In this breathtaking photograph, Earth appears as a blue and white sphere, partially obscured by the lunar horizon. This image is one of several that capture the phenomenon known as "Earthrise", where Earth appears to rise over the lunar horizon from the perspective of a spacecraft orbiting the Moon.

From the Moon's perspective, Earth has an angular diameter of about 1.9 degrees. This measures the apparent size of Earth from the Moon, signifying how much of the field of view it takes up.

Between the times that images 6547 and 6549 are taken, Earth rises about 0.37 diameters or approximately 0.7 degrees. With an orbital period of two hours for the Command Module around the Moon, the time interval between the capturing of the two images can be estimated as 14 seconds.

These "Earthrise" images, including "Apollo 11 Earthrise AS11-44-6549", have since become iconic, serving as stark reminders of our planet's beauty, fragility, and isolation in the vast expanse of space. They have also been instrumental in influencing public perception of Earth, underlining the importance of environmental protection and fostering a sense of global unity and stewardship.

The Apollo 11 Mission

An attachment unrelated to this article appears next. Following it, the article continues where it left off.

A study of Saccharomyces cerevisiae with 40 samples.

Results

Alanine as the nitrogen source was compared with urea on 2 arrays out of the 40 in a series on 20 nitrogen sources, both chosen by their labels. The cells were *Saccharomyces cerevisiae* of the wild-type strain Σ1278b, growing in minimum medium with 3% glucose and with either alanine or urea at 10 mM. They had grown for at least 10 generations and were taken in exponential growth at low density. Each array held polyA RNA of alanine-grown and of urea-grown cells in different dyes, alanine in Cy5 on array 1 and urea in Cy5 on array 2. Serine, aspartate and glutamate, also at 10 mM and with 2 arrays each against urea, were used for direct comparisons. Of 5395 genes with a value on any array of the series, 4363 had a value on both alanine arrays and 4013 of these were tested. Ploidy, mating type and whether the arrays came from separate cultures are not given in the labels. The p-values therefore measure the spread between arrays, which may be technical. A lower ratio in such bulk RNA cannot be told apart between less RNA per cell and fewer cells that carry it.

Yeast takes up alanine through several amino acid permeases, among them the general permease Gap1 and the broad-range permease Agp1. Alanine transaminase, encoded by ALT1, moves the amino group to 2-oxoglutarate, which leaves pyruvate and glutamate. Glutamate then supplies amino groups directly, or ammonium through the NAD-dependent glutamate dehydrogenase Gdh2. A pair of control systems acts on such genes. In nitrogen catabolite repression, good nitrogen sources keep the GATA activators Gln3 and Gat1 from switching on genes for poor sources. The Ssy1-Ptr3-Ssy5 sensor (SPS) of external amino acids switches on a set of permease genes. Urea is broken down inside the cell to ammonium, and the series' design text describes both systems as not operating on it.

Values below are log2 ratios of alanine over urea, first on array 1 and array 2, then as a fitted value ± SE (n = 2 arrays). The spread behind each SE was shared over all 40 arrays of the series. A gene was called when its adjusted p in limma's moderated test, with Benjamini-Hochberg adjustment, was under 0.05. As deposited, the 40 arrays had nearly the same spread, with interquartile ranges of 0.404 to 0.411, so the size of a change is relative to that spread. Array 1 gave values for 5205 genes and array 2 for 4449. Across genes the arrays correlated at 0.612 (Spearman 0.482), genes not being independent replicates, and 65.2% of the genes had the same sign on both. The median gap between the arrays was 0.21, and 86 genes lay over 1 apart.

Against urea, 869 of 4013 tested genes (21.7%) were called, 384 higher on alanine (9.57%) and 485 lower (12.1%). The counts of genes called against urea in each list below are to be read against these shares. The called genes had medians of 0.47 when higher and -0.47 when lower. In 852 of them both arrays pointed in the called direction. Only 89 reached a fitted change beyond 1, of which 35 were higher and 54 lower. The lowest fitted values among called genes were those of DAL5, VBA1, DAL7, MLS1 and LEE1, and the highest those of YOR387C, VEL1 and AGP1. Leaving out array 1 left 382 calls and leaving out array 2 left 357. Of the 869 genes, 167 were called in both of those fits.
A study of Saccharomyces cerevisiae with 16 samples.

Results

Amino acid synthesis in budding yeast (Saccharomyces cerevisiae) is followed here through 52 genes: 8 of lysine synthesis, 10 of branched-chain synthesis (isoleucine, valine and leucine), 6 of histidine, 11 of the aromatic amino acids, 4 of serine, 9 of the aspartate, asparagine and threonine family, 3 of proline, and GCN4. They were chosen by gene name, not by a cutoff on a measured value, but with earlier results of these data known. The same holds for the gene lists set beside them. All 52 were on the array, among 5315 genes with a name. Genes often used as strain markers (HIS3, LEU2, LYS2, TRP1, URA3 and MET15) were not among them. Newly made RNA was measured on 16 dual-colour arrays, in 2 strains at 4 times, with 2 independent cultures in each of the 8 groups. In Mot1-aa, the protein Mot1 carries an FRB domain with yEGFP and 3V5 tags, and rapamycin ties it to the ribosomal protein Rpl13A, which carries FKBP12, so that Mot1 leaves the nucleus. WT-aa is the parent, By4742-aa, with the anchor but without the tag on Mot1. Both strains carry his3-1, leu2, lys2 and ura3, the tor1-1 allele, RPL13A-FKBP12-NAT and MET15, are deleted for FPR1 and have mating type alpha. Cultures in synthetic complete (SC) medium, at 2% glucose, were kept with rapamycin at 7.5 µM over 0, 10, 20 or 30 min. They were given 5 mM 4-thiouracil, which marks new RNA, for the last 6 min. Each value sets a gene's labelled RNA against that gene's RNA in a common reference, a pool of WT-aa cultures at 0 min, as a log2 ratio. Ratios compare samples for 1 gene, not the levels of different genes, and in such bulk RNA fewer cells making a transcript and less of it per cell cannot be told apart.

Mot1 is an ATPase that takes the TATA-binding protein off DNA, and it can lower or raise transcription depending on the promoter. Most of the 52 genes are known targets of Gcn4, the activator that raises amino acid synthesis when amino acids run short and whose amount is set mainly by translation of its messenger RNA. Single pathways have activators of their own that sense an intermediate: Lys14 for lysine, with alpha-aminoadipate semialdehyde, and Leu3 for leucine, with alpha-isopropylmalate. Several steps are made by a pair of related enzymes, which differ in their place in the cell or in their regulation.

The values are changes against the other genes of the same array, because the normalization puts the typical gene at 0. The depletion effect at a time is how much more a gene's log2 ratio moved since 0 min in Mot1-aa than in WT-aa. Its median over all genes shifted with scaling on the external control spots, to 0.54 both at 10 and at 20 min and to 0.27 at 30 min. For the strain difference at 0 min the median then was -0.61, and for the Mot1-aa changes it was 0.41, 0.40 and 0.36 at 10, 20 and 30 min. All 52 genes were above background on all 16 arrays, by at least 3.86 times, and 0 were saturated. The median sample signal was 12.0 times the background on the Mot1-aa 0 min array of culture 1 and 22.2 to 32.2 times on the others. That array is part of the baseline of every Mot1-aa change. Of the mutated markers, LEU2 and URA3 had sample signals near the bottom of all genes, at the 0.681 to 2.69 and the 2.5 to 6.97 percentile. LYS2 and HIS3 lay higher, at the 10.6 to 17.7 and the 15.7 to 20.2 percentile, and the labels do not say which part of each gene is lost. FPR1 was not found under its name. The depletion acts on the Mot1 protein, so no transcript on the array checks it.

The Apollo 11 mission, launched on July 16, 1969, was a historic and groundbreaking spaceflight that marked the first time humans set foot on the moon. Led by commander Neil A. Armstrong, lunar module pilot Edwin "Buzz" Aldrin, and command module pilot Michael Collins, the mission achieved the ambitious goal set by President John F. Kennedy in 1961 to land humans on the moon and return them safely to Earth. On July 20, 1969, Armstrong and Aldrin spent over two hours exploring the lunar surface, collecting samples, and conducting experiments, while Collins orbited above in the command module. Armstrong's famous words, "That's one small step for man, one giant leap for mankind," encapsulate the monumental impact of the Apollo 11 mission on human history, as it demonstrated the incredible achievements made possible through scientific innovation, collaboration, and determination.